Editing for One Element

By Kristen Roach Thompson, Associate Coordinator, Bluegrass Writers Studio

     As we come to the close of Week Three of the fall semester, most Bluegrass Writers Studio participants have experienced the thrill of having their writing workshopped. They've sat quietly as their class talked about their words - what was memorable and what was questionable. They've gotten written feedback from their peers on what was inspired and what should be retired. And they've gotten comments from their professor, with praise, prescriptions, and potential outlined.

     The list of everything they've learned from critiquing others and being critiqued is starting to grow - so many things to consider! Dialogue, point of view, action, sense of place, pacing, voice, figures of speech, audience. And kaplooey! their brains split wide open.


All for One: for You

By Kristen Roach Thompson, Associate Coordinator, Bluegrass Writers Studio

     I was talking on the phone the other day with a prospective student, Carlos. One of the questions he asked was: "MFA - why do so many people say to get one, and why do so many others say don't bother?"

Downton Apocalypse

By Kristen Thompson, Associate Coordinator, Bluegrass Writers Studio

The only thing better than announcing that your visiting faculty for the spring semester is Maureen McHugh, and that James S. A. Corey is her special guest in workshop, is being able to announce that she's returning for the fall semester.

So it's my lucky day: Maureen McHugh is back for the fall semester and leading another workshop! 

In addition to being an award-winning speculative fiction novelist and short story writer (China Mountain Zhang, After the Apocalypse, The Lincoln Train), Maureen has also speculated things right out of fiction and into the world.

Uncle Walt

By Kristen Roach Thompson, Associate Coordinator, Bluegrass Writers Studio

"Undrape! you are not guilty to me, nor stale nor discarded, I see through the broadcloth and gingham whether or no, And am around, tenacious, acquisitive, tireless, and cannot be shaken away." ~Walt Whitman, Song of Myself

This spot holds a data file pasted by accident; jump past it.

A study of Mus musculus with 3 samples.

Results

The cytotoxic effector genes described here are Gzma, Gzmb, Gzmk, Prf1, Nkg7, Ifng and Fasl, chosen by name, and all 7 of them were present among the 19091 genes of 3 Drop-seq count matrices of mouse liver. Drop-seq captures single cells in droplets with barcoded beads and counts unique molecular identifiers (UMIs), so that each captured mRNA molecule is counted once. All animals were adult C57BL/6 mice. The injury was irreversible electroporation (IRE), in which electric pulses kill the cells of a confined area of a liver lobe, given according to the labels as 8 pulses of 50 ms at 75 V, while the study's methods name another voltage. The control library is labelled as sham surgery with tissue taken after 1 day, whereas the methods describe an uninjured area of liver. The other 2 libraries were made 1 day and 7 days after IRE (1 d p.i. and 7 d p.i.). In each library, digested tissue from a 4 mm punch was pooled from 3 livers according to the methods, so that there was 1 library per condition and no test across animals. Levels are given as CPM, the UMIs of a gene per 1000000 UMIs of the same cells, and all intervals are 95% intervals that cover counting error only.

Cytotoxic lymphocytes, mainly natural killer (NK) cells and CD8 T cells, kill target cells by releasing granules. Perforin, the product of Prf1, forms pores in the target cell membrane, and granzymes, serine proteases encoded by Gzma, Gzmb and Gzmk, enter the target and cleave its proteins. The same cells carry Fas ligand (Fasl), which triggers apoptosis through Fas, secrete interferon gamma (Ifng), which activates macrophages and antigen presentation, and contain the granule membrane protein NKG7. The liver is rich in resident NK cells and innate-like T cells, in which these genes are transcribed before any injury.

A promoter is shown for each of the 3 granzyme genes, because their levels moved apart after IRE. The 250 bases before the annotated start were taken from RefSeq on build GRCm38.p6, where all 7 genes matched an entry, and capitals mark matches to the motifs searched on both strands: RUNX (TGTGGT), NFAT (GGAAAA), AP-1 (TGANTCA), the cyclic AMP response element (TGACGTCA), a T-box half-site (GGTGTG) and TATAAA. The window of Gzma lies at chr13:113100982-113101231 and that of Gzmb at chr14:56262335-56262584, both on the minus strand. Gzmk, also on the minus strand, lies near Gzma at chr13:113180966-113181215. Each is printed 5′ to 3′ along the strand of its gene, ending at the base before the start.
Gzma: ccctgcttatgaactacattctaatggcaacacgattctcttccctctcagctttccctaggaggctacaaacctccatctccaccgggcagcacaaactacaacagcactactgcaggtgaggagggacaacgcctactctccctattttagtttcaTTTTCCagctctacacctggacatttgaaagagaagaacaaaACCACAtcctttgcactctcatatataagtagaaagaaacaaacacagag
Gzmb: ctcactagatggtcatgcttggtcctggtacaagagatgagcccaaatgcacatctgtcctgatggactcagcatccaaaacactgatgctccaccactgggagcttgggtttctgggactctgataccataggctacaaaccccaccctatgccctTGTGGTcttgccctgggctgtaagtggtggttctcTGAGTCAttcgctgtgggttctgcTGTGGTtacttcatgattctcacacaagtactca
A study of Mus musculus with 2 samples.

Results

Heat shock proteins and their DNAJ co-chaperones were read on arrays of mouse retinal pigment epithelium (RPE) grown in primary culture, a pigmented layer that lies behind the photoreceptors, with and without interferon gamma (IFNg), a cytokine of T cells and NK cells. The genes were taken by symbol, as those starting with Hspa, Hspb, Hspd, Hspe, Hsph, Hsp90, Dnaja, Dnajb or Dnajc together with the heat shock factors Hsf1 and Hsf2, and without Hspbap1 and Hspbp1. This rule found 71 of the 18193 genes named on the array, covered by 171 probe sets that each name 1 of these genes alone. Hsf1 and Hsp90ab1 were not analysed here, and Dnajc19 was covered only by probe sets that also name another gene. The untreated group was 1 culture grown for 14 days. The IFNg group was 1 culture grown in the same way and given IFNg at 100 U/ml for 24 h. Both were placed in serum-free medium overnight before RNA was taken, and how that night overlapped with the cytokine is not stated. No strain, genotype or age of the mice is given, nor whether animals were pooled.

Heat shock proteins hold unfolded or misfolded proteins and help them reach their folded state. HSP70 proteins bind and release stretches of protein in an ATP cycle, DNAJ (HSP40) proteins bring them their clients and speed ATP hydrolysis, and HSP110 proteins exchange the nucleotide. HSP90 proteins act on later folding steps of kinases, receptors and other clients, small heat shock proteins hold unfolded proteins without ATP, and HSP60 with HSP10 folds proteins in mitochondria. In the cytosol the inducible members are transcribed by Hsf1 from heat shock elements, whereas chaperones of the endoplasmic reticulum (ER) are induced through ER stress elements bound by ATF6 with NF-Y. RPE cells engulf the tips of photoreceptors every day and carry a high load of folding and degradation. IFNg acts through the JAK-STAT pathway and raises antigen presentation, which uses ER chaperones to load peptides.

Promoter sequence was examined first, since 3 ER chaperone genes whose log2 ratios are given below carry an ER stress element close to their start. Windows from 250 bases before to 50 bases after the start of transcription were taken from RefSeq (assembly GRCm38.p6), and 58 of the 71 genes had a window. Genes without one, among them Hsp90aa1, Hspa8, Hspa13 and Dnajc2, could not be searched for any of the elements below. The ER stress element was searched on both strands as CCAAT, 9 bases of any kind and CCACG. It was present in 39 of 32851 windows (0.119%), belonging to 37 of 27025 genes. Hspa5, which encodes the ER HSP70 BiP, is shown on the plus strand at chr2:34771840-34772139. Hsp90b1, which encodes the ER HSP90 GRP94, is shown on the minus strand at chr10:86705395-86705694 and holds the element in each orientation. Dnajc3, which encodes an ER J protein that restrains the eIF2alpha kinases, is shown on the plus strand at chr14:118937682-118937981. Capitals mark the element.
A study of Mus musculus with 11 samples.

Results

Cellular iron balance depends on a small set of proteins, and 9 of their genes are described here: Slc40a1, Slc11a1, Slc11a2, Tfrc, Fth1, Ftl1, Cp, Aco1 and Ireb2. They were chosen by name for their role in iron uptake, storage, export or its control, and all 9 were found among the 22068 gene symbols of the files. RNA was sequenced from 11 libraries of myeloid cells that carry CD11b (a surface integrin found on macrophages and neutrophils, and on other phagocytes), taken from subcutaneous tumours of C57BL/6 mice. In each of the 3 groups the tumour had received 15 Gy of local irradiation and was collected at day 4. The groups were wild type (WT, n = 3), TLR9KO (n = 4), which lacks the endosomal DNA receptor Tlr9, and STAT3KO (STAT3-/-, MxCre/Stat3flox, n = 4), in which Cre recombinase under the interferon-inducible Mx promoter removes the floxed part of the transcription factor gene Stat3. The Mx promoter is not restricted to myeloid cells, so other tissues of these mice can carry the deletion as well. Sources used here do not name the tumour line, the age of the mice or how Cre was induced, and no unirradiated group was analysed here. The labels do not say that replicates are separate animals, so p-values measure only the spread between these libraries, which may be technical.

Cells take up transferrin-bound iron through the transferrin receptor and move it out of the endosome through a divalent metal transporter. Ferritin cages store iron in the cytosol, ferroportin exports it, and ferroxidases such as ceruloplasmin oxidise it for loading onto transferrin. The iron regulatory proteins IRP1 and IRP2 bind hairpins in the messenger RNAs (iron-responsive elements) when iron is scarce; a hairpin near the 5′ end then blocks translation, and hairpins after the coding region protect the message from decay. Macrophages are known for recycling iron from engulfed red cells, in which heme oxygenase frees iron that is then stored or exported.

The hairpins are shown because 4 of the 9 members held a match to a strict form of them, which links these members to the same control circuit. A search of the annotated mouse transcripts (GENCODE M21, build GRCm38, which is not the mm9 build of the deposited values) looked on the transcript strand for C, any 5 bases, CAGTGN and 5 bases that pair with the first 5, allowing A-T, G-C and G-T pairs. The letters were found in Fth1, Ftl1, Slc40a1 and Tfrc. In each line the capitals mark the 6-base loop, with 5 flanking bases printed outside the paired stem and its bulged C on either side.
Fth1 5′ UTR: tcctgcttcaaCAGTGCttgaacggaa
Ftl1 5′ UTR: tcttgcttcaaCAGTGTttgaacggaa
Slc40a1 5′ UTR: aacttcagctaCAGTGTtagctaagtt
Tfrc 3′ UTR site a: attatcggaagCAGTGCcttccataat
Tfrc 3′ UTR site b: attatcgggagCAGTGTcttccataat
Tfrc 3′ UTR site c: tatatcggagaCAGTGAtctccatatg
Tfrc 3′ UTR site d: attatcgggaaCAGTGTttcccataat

There is a pen one holds, which stabs at the heart of another and lets it know that it is alive and wanting. And there is a pen which, upon puncturing a new vein, finds it cold. Let me be the pen, always, the sharp stab, and never the congealed blood.

Hashtag: Writing the Center Square

By Kristen Thompson, Associate Coordinator, Bluegrass Writers Studio

Truth, Justice, and the Poetic Way

By Kristen Thompson, Associate Coordinator, Bluegrass Writers Studio


    In my writing, I often explore injustice, oppression, and the brackish waters of human rights and resilience. Not only major events, but the smaller things, times when things just don’t go right. There are exceptions, of course, poems with more tender sentiments, but most have to do with loss on some level.  I guess that’s the soul of my poems; then I craft the bodies. I’m very concerned with accuracy of form and sound, and making the poem work on multiple levels. I guess you could say I want to do justice to the subject. 

A Little More Conversation

By Bernie Deville, Bluegrass Writers Studio

     One of the major reasons I am carrying away a cache of fresh thinking from Bluegrass Writers Studio’s Summer Residency at Disquiet International is that I opted  to take one of the extra Tuesday/Thursday morning classes. This was not a real burden on my schedule due to having all my line edits complete before coming to Portugal, and the class itself only met four times though there was homework for every class.

Luso: Portuguese for Portugese

By Bernie Deville, Bluegrass Writers Studio

     I've just gotten back from Summer Residency with Bluegrass Writers Studio, at The Disquiet International Literary Program in Lisbon, Portugal. Disquiet focuses on writers and readings, but they also introduced us to cultural institutions around the city. The Luso-American Society hosted two different talks, and I reserved precious baggage space for one of their magazines that talks about their aims and goals, as well as summer programs for students, which I might be able to spread around Lexington.

Writing on The Wall

By Kristen Thompson, Associate Coordinator, Bluegrass Writers Studio

     In the last few posts, I’ve been reflecting on the selective nature of memory and how songs can play a part (ba-dump tish) in how things link together in our minds.

     I still remember the first time I heard Pink Floyd’s Another Brick in the Wall (Part 2) on the radio. My sister and I were going to spend the night at my aunt Sue’s. After picking us up, she stopped for takeout, leaving the car radio on for us. When she got back in she said, “Oh, this is a good one” and turned the radio up luxuriously louder than it was ever allowed at my house. It was clear this song was to be listened to, not talked over.